President Trump issued a statement Saturday greeting Muslims as they celebrate the holiday of Eid al-Fitr, breaking with nearly two decades of tradition of holding an iftar dinner to commemorate Ramadan.
“On behalf of the American people,” President Trump said in the statement, “Melania and I send our warm greetings to Muslims as they celebrate Eid al-Fitr.”
The holiday marks the end of Ramadan, the Islamic holy month of fasting.
The dinners began under President Clinton and were continued by President George W. Bush and Barack ObamaBarack Hussein ObamaBiden invokes Trump in bid to boost McAuliffe ahead of Election Day RNC targets McAuliffe, Biden campaign event with mobile billboard The real reason Biden is going to the COP26 climate summit MORE. The iftar dinner at the White House is usually attended by prominent members of the Muslim community, diplomats and Congress members.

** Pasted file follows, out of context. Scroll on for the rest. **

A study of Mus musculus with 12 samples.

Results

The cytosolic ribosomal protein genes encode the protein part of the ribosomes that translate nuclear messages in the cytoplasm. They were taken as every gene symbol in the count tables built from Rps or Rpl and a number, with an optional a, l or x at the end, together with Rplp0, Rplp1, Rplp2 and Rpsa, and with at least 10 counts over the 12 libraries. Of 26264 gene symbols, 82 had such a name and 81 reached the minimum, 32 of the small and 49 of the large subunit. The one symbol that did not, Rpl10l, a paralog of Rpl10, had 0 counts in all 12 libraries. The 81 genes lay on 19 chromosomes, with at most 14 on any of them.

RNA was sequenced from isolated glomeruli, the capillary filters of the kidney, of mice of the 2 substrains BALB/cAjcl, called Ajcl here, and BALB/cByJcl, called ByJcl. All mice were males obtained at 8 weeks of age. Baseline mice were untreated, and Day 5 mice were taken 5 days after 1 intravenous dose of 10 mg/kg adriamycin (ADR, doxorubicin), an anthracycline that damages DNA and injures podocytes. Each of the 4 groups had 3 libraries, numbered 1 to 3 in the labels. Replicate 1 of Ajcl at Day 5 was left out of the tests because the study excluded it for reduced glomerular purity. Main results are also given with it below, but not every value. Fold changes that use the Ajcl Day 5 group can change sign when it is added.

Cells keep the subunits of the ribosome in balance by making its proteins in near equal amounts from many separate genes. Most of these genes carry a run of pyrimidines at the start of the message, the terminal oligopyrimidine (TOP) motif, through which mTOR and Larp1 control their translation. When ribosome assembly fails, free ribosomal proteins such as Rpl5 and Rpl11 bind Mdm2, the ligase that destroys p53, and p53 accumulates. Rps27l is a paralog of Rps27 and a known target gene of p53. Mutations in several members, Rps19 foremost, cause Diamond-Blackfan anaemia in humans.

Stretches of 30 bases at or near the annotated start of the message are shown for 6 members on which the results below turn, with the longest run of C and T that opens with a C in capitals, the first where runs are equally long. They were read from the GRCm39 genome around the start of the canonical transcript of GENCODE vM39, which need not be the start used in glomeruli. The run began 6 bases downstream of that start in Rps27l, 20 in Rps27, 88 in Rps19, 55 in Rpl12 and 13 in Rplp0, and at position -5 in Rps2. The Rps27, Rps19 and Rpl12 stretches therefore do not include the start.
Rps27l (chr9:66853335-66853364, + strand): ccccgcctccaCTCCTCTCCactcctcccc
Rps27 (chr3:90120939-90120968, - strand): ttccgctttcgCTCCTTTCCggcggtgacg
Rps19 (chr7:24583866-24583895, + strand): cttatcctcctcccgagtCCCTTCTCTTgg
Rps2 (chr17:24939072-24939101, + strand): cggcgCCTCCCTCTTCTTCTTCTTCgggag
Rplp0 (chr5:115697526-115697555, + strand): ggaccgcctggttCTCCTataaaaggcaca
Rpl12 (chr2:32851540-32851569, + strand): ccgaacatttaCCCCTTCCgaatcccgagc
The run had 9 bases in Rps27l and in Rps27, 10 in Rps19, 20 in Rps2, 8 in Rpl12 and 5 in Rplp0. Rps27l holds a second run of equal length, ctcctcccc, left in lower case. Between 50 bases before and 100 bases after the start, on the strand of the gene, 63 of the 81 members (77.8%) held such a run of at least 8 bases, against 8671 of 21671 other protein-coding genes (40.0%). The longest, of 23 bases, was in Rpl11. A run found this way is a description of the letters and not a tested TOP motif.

“Muslims in the United States joined those around the world during the holy month of Ramadan to focus on acts of faith and charity,” Trump said. “During this holiday, we are reminded of the importance of mercy, compassion, and goodwill. With Muslims around the world, the United States renews our commitment to honor these values.”
Trump concluded the statement with the traditional Muslim greeting “Eid Mubarak” which means “blessed celebration” and is used only during the celebration of the important holiday.
The president has faced backlash over his views of Muslims, as well as his travel ban restricting several Muslim-majority countries in the Middle East from entering the U.S.